A truly great, if heartbreaking, film
I don’t just mean that it’ll make you cry – though it will almost certainly do that – I mean that, like Kafka’s definition of a great story, it will reach deep into your soul, wound you, and make you grieve. If like me, you have Irish roots, come from New England, or are a brother, husband, or father working through your own mistakes and flaws, you can expect the catharsis to be that much more intense.
This is truly a great story, but not just because it’s so heartbreaking. Lonergan strikes a delicate emotional balance, one where wry bits of humor keep us from sinking down too deeply into the hard truths he explores. The result is an exquisite work of realism, and a grand-slam of writing, directing, and performances from its lead actor (Casey Affleck) and supporting actress (Michelle Williams) that rightfully earned Golden Globe nominations in all four categories.
But the heart of its greatness is Casey Affleck as Lee Chandler. A couple of movies have showcased the younger Affleck’s talent in the past, especially The Assassination of Jesse James by the Coward Robert Ford (which earned him an Oscar nod). But with Manchester by the Sea, we get a whole new caliber of acting. From the opening frames, Affleck is a deceptively stoic soul living a life of quiet desperation, beating down strangers at bars and shoveling snow like his life depended on it. Something is clearly wrong with Lee; he plays his part as a handyman in Quincy, but his mind and soul are elsewhere.
One morning, Lee gets the call that his brother Joe has died, and we’re thrown into the first tragic movement of the film. But the stakes get infinitely higher when Lee goes from being a shoulder for Joe’s son Patrick (Lucas Hedges) to lean on to potentially being his legal guardian, right back home in Manchester. In a string of flashbacks seamlessly woven into the present, we see why. For Lee, being home again means stepping back into the heart of a darkness that almost extinguished him, and to stay home means to finally be extinguished.
Or does it?
To say that this is a story about “guilt” doesn’t say much; but to say, as one reviewer does, that it’s a story about “Catholic guilt” says even less. It’s clear that the Chandlers are an Irish Catholic family. (In the car ride home from Patrick’s visit to his estranged mother and her new husband Jeffrey, a pious bore played by Matthew Broderick, Lee asks Patrick how Jeffrey was. He responds that he seemed really Christian. “We’re Christians too,” Lee says. “Catholics are Christian.”) But what haunts Lee isn’t religious scrupulosity any more than everyday regret. In fact, if this is a story about Catholic anything, it’s the Catholic concept of grace.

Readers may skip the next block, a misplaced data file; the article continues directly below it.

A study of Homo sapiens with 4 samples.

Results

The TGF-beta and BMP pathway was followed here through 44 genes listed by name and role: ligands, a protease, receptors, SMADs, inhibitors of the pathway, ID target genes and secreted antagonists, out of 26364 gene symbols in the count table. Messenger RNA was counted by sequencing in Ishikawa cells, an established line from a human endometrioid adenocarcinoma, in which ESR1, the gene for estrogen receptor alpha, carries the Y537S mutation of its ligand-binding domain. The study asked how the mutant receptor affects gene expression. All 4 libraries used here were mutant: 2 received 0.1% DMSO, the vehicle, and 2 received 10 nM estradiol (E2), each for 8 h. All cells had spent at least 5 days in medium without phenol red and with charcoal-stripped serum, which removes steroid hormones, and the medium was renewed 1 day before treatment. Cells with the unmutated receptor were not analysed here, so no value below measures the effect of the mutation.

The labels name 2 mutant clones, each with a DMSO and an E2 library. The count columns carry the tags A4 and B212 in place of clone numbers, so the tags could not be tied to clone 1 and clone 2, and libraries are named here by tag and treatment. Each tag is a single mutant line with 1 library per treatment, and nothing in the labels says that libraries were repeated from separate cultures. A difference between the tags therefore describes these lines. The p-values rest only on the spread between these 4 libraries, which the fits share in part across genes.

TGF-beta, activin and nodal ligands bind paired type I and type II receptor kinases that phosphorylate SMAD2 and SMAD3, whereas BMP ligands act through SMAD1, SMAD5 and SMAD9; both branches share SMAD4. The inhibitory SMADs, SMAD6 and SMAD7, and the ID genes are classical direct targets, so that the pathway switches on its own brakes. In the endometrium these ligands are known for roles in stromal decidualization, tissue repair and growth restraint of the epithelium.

Life has crushed Lee’s spirit to the fullest extent and in the worst possible way – by his own unremarkable, frail, human complicity. But Lonergan’s use of two pieces from Handel’s Messiah are powerful suggestions that there is a spiritual element to his journey home. The first, the instrumental Pifa (which takes its name from pifferari, shepherd bagpipers in Rome, and introduces the story of the shepherds in Bethlehem), plays when Lee first receives the call about Joe and travels back home. The second takes its text from Isaiah and the Gospel of Matthew, and plays during the funeral, where Lee comes face to face with his past. And here again, the theme of the shepherd appears: “He shall feed His flock like a shepherd; and He shall gather the lambs with His arm… Come unto Him, all ye that labor, come unto Him that are heavy laden, and He will give you rest.” While being drawn home to confront his past is, on the face of it, the worst possible thing that could happen to Lee, it just might have been the gentle hand of grace shepherding him away from – not toward – self-destruction.
The film doesn’t tie a nice red bow around Lee’s story, and doesn’t need to. After such a painful experience, it’s enough to be reminded that wherever there’s life – and grace – there’s hope.